Sunday, August 17, 2014

Chinese Maritime Silk Route and South Asia

China’s ‘New Silk Roads’ policy seeks to enhance land connectivity with Central Asia and establish ‘Maritime Silk Roads’ to connect it with the ASEAN countries and the coastal cities of South Asia.

As the Chinese Premier Xi Jingping gets ready to visit India next month, his foremost priority would be to get India to participate in China’s ambitious Maritime Silk Route project. The concept first emerged during Xi’s trip to Southeast Asia last October where he called for increased maritime cooperation between China and the ASEAN countries. Since then, the concept has expanded to cover not only the ASEAN states, but also the subcontinent, the Middle East and the coast of Africa. 

This is not a new concept. The movement of goods has been taking place through this ancient maritime silk route since many centuries and reached its peak in the 15th century. By reviving this ancient trade route, China hopes to set new benchmarks for ‘neighborhood diplomacy’ and seeks to improve ‘regional stability’. However, its aggressive posturing in the South China Sea and strategic encirclement of India in the past has made it difficult to regard this proposal without a jaundiced eye.

The Indian Dilemma

India and China are already cooperating in the development of the Bangladesh-China-India-Myanmar (BCIM) corridor which will connect the Yunnan province of China with the other three countries and will form an important segment of the Southern Silk Road. The Chinese accord special importance to India in their silk roads plan as it lies at the intersection of the overland silk roads and maritime silk routes. However, India has so far resisted signing on the Maritime Silk Route (MSR) project not only due to the opaque nature of the project, but also because it sees this project as an attempt by China to establish a foothold in the Indian Ocean. Despite projecting MSR as an exclusively commercial venture meant for the development of massive maritime infrastructure, China has been surprisingly unforthcoming on the specifics of the project which has lead others to suspect its geopolitical motives. 

India has been wary of any Chinese attempt to raise its naval profile in the Indian Ocean and has scorned at Chinese construction of port infrastructure in Gwadar (Pakistan) and Hambantota (Sri Lanka) in the past. However, the sheer scope and scale of the new MSR project and the potential commercial benefits arising out of it are bound to make the new NDA government seriously weigh the implications of rejecting participation in it. 

Response from the Neighborhood

In contrast, the Sri Lankan response to the MSR proposal was enthusiastic as it became the first country to express its support for the project. China is Sri Lanka’s second largest trading partner after India, and both the nations recently signed a Strategic Cooperative Partnership (SCP) agreement during President Rajapaksa’s visit to China in May 2013. The Bilateral relations between both the nations are at their peak as President Xi Jinping will become the first Chinese premier to visit the island nation next month. With the MSR project, Sri Lanka seeks to enhance its strategic identity in the Indian Ocean Region (IOR) by emerging as a financial hub in South Asia and a link to Africa and the Middle East while China wants to legitimize its increased role in IOR even as it increases the economic viability of its many port infrastructure projects. Both the countries are expected to sign a Free Trade Agreement (FTA) to further bolster their ties by the end of 2014.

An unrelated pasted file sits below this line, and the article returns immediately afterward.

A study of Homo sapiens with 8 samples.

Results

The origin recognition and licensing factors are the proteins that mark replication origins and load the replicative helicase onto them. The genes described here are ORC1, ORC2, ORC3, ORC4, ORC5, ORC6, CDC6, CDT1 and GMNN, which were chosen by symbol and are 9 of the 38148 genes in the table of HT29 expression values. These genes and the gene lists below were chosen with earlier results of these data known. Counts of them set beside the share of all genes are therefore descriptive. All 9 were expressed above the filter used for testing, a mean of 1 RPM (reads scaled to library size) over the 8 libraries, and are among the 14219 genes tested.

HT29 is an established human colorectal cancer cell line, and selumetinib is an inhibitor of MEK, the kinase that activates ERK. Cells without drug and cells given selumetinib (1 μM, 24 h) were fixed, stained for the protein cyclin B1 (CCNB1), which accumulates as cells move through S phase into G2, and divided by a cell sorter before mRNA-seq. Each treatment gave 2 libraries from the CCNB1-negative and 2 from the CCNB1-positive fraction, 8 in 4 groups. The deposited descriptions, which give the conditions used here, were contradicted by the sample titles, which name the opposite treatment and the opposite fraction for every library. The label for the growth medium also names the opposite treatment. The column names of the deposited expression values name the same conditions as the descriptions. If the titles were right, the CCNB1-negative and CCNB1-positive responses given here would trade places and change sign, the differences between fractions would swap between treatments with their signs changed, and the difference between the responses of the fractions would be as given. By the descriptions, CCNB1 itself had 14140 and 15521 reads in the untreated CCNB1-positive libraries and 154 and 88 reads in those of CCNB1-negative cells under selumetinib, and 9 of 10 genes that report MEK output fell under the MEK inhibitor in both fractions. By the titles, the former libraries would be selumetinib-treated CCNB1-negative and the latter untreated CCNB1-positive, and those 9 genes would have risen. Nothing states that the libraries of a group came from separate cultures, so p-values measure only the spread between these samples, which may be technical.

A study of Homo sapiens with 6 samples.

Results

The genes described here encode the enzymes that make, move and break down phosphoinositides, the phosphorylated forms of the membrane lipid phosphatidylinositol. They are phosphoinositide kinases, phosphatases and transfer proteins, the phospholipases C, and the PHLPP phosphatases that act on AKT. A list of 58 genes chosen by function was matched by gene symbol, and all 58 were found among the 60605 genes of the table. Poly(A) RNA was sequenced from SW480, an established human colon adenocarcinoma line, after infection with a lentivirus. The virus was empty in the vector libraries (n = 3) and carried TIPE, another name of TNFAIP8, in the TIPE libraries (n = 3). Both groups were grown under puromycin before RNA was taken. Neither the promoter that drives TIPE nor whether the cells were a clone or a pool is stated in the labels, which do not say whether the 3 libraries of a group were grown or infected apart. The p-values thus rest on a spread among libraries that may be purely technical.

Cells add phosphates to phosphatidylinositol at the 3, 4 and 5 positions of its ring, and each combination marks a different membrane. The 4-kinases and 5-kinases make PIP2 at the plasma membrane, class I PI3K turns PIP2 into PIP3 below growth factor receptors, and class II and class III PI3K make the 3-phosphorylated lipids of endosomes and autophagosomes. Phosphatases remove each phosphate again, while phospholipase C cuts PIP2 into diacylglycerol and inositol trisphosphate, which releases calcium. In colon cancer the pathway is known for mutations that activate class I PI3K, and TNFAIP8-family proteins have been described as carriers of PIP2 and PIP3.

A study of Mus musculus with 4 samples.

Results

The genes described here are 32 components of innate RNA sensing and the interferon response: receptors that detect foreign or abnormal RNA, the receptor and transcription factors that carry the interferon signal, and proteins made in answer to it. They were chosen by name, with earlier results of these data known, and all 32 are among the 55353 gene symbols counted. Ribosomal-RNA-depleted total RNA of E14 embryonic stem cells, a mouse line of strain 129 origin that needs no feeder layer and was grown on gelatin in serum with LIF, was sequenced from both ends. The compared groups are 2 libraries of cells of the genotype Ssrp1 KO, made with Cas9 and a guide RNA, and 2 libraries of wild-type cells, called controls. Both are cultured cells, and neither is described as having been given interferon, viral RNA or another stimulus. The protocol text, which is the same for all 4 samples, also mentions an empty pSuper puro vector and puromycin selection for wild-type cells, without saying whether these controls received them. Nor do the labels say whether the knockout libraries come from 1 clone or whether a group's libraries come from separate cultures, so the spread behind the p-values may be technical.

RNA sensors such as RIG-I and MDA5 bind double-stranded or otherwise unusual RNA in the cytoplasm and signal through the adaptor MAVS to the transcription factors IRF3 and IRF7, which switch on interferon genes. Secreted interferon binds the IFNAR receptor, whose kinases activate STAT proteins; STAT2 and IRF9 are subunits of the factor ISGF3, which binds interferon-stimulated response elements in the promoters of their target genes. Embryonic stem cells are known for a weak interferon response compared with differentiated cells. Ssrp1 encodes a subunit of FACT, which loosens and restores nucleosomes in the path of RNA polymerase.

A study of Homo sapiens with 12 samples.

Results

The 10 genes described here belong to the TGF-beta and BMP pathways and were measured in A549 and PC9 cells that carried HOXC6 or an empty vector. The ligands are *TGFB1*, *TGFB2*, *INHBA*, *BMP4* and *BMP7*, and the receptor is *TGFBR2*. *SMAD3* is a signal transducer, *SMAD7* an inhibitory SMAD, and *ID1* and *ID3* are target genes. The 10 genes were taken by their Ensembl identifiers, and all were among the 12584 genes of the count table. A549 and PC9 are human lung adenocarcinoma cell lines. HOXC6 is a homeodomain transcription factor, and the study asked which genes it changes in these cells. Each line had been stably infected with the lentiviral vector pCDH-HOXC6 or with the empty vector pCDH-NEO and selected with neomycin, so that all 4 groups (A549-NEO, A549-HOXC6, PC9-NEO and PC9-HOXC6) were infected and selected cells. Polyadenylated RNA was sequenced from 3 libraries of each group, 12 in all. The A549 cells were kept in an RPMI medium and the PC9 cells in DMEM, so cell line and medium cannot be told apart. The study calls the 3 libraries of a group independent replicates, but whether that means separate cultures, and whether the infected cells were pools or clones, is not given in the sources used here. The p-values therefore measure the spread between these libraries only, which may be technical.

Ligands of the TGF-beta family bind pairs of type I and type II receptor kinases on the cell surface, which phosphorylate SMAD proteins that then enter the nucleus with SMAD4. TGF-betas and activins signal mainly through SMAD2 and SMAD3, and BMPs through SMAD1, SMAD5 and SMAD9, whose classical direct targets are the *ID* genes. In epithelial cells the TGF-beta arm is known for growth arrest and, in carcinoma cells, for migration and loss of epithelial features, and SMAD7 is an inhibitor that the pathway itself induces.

Besides India and Sri Lanka, China has also been trying to woo the Maldives to be a part of its pet project. In a meeting with the Maldivian President Abdulla Yameen in Nanjing, President Xi invited the Maldives to be a part of China’s ambitious MSR plan. Earlier in July, the Chinese had offered to train the Maldivian Maritime personnel and to increase their involvement in the infrastructure projects in the small island nation. It is not very difficult to understand why China would want the Maldives to be a part of its MSR initiative as the island nation acts as a converging point for hundreds of cargo ships both from the east and the west and can help in expanding east-west trade.

China and Pakistan are moving rapidly towards the implementation of multi-billion dollar China-Pakistan Economic Corridor which passes through the Pakistan Occupied Kashmir (PoK). The corridor connects China’s Xinjiang with Pakistan’s Gwadar port. 


China’s eagerness to induct India in its MSR proposal has raised some eyebrows within the strategic community. While Indians remain deeply suspicious of any attempt of strategic encirclement by China through its ‘string of pearls’ strategy, Chinese experts have pointed out that the only purposes of China in the Indian Ocean are economic gains and security of Sea Lines of Communication (SLOC). 

The announcement of a 10 billion Yuan ($1.6 billion) fund for financing the MSR project has shown the seriousness that China attaches to this proposal. The potential short term benefits arising out of this are hard to ignore and can benefit local economies enormously. However, even if the economic benefits of this project were to be delivered, India’s choice must be based on the impact its geopolitical interests will have from such a development in the IOR. The NDA government will have to consider both - the desperate need of connectivity and the threat from China in the IOR before taking any decision on the subject.